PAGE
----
If I see roasted chicken on a menu, I order it. People wonder why I do this. Why order something in a restaurant I can easily have at home? Wouldn’t I prefer the crab cake platter?
It’s not because I lack daring, not because of the low price, but because I savor expertly roasted chicken — crispy skin, the meat succulent, not greasy, the seasoning just right. Linda DeLibero, who wrote reviews for Baltimore magazine, considered roasted chicken a measure of a restaurant’s quality. Julia Child famously said that the test of a good chef was “a perfectly roasted chicken.”
So I’ve been thinking about the half roasted chicken from Marie Louise Bistro on Charles Street in Baltimore’s Mount Vernon, a comforting place that does a lot of things well, among them the best roasted chicken ever placed before me; it comes sizzling from the kitchen. The bistro has a pleasant atmosphere and, in my experience, consistently good service and food. I miss it. The horrible pandemic has taken the Marie Louise experience — and that of other favorite restaurants — out of my life.
And I bet everyone reading this has a favorite dining experience and a particular dish they miss because of the coronavirus.
We all want to get back to normal and visit those places again — restaurants, diners, bistros, coffee shops, sushi bars and brew pubs. We want them to be there after the vaccines have been distributed and the virus is under control.
The one sure way to get there is to keep supporting them. That means, if you have the means, ordering lunch or dinner for takeout or delivery when you can, and being generous with tips.
“My hope is that our community rallies to support the restaurants that they don’t want to lose, because many have been lost already and many more will not make it in these next six months,” Tony Foreman of Johnny’s, Cinghiale and other Baltimore restaurants wrote to his customers last month.
There’s a lot of talk about restaurants again because Baltimore Mayor Brandon Scott, his first full day on the job, ordered those in the city to cease indoor and outdoor dining as of Friday at 5 p.m. The city health commissioner, Dr. Letitia Dzirasa, backed him up. Dr. Anthony Fauci, the nation’s top infectious disease expert, advises taking out rather than eating in; he says he considers support of restaurants in this tough time “a neighborly obligation.” A federal study published in September said adults who tested positive for COVID-19 were twice as likely to have reported dining recently at a restaurant than were those with negative results.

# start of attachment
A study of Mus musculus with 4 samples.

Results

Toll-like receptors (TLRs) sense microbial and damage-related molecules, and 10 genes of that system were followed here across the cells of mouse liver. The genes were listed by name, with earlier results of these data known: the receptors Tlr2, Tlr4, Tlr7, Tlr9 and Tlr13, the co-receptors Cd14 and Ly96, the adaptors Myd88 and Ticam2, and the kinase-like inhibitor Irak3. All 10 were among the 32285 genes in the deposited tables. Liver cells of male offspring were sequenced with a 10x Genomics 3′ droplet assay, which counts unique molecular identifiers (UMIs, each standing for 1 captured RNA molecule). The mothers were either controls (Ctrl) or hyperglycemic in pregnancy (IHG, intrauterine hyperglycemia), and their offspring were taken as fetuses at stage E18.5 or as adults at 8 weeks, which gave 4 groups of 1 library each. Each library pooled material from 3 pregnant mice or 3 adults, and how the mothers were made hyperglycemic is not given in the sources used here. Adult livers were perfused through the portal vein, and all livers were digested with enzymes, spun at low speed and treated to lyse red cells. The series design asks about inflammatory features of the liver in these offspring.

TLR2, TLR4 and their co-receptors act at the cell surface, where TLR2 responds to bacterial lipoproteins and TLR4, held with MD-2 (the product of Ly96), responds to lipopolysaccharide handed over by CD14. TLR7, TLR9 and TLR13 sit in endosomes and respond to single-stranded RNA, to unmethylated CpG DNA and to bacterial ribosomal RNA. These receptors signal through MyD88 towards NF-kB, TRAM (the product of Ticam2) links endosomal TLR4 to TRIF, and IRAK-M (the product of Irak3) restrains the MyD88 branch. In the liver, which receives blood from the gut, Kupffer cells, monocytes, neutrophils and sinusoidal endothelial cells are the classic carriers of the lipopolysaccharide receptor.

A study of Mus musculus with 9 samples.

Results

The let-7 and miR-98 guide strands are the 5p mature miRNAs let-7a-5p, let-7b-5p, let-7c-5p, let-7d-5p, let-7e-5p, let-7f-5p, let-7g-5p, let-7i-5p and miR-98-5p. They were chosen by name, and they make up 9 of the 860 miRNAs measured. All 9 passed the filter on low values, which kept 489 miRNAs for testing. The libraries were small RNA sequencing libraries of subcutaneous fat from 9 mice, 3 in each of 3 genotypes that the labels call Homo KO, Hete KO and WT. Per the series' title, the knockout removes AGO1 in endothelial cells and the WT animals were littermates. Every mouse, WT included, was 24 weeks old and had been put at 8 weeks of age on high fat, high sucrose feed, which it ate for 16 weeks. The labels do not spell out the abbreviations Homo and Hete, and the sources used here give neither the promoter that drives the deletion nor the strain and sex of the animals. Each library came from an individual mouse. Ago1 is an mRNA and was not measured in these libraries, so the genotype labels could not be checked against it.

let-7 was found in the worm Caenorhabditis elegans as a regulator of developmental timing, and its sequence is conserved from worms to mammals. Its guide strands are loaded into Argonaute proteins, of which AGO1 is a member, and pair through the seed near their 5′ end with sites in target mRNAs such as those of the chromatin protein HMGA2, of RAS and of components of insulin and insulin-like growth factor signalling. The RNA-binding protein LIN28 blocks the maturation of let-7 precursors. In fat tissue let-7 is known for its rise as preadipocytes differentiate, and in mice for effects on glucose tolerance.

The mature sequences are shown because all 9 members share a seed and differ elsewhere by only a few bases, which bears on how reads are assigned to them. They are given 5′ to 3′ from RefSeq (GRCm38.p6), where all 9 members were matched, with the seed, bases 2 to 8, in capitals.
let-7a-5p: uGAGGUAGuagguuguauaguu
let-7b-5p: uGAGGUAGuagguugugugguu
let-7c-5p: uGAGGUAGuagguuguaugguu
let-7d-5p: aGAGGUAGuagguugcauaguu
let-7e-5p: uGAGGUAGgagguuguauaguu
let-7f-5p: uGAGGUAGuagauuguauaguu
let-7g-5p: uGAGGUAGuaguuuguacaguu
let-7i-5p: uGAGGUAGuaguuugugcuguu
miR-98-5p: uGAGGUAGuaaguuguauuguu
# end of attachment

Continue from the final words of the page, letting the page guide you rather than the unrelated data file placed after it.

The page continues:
Pardon my invoking Fauci and a study. It’s a habit of mine to defer to people in lab coats with advanced degrees and decades of experience studying pathogens and their effects on humans.
We should listen to them. Our political leaders should listen to them. Had President Donald Trump listened to them, we might have been in a better place going into the holidays.
The country is in a terrible state right now, with a rate of infection and death that seems almost beyond comprehension.
In Maryland we’re seeing more cases, more hospitalizations and more deaths.
“Our state is in a dangerous place,” says Tom Inglesby, the director of the Center for Health Security at the Johns Hopkins Bloomberg School of Public Health. Inglesby took part in a virtual press conference on Wednesday with six county executives and Scott. Each of the elected officials described the actions they’ve taken to protect their citizens. One of them, Anne Arundel County Executive Steuart Pittman, cited Hopkins projections that we could soon see 2,000 more Marylanders needing hospital treatment than our hospitals can accommodate.
I hear a lot of people complaining that the consequences of these restrictions will be devastating, especially because Congress still hasn’t approved another relief package for businesses and the unemployed. They have a point, but miss the larger picture.
If you’re still employed, still getting paid, working at home and living in relative safety, the pandemic can seem remote, even abstract, despite all the grim news reports. If you can’t see what’s happening at the front lines, in hospitals, then your view can skew toward economic concerns, and the restrictions look like an overreaction.
But I doubt most Marylanders think our political leaders are being irrational. To the contrary, most of us know they’re doing the best they can, making tough choices under extreme circumstances.
So to all the amateur experts, I say hit the pause button. If you’re concerned about restaurants and their employees, then keep them busy: Order online, order for pickup or delivery. Do it for the community. Do it because you want to see your favorite place survive.
And to the restaurants that invested thousands of dollars to accommodate outdoor dining, I say keep your tents, heaters and vents, new tables and umbrellas. When this is over, please continue to serve meals outdoors. Let’s get the city and the counties to allow more sidewalk or curbside seating on a permanent basis. Streetscapes can be reconfigured to accommodate meals en plein-air. I look forward to having the Marie Louise roast chicken come sizzling from the kitchen to my table on Charles Street one fine evening in 2021.